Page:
Tuesday, September 20, 2011

The School Year is now in Full Swing

I haven't written for awhile due to the fact that I have been assessing, planning, listening, exploring, creating, tracking, adjusting, accomodating, discussing, reviewing, cajoling, consoling,nurturing, refereeing, guiding, helping, and countless other "ings" that go into "teaching".

But I am happy to say progress is evident in our classroom.  Students are gaining confidence, acquiring new skills, and forming new friendships.  I predict that it will be a successful year with a few little bumps in the road, but that's what keeps it interesting.

When i was studying to become a teacher, one of my professors told us a story about a cocktail party she had attended.  It was filled with high powered attorneys, doctors, CEO's and other go-getters.  She was introduced to a gentleman who said, "And what do you do?"  She replied, "I have the most amazing and important job."  She slipped off and joined another conversation and inevitably was asked what she did?  (It is amazing how many people define their whole lives by their job,  the question we should be asking children is, "What qualities do you want to possess?"  not "What do you want to be when you grow up?"  But that is a topic for another day.)

But I digress, back to the story....
 Eventually, she ran into the first man later in the party.  He said,  What is this amazing and important job that you have?" 
The party is a buzz with laughter and chatter but at just that moment there was a drop in the noise level and she said, "I am a teacher!"  Everyone turned to look at her as she was the loudest in the room (and she had told everyone what an amazing and important job she had.)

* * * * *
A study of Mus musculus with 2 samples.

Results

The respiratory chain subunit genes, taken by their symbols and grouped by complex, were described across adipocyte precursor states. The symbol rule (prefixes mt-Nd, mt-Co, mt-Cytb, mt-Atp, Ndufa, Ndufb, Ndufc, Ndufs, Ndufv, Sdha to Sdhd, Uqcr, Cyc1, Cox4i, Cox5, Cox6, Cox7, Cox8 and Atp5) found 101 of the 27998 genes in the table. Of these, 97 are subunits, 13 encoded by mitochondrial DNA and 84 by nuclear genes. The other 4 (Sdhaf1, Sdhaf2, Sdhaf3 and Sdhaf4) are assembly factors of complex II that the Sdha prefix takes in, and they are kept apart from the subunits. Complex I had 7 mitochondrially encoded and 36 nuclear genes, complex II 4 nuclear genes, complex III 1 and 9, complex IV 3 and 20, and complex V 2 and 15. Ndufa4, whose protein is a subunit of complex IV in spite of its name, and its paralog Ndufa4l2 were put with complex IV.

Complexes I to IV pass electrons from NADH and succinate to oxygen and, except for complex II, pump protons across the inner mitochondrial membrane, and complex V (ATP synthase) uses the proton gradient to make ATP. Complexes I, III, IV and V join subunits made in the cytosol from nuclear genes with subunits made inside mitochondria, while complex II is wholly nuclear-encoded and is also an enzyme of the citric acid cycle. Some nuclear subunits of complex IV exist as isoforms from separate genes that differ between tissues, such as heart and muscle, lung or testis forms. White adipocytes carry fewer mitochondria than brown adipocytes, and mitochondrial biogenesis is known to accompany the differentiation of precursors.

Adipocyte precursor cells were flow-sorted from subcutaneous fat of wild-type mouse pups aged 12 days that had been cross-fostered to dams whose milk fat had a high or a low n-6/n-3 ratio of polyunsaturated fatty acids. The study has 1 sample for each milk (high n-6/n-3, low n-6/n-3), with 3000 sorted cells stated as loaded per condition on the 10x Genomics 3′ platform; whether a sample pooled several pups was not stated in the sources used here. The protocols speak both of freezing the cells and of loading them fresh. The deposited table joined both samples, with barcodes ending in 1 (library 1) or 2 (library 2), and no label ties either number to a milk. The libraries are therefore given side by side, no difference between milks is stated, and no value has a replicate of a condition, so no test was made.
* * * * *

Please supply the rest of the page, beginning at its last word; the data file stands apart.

The gentleman said, "Teaching? how can that be amazing and important?"
 My professor asked, "May I ask what your job is?"
The man replied, "I am a brain surgeon."
My professor said, "Well, I think it would be important for you to have had amazing teachers."
And she left the party.

The point of this is to let you know how seriously the teachers in your children's lives take their jobs.  Teachers don't do things lightly, they often agonize over reporting information that may be uncomfortable for parents to hear, they try to find different ways to reach every child in their class, they read, plan, (well, you saw the list at the beginning of this piece.)

Every child is a gift, every child is important, every child is beautiful.  Teachers know this and hold these lives in their hands for a short time.  They are not always appreciated, respected, and treated fairly, but they will work hard to find the spark in your children and help them develop the tools needed to pursue their passions.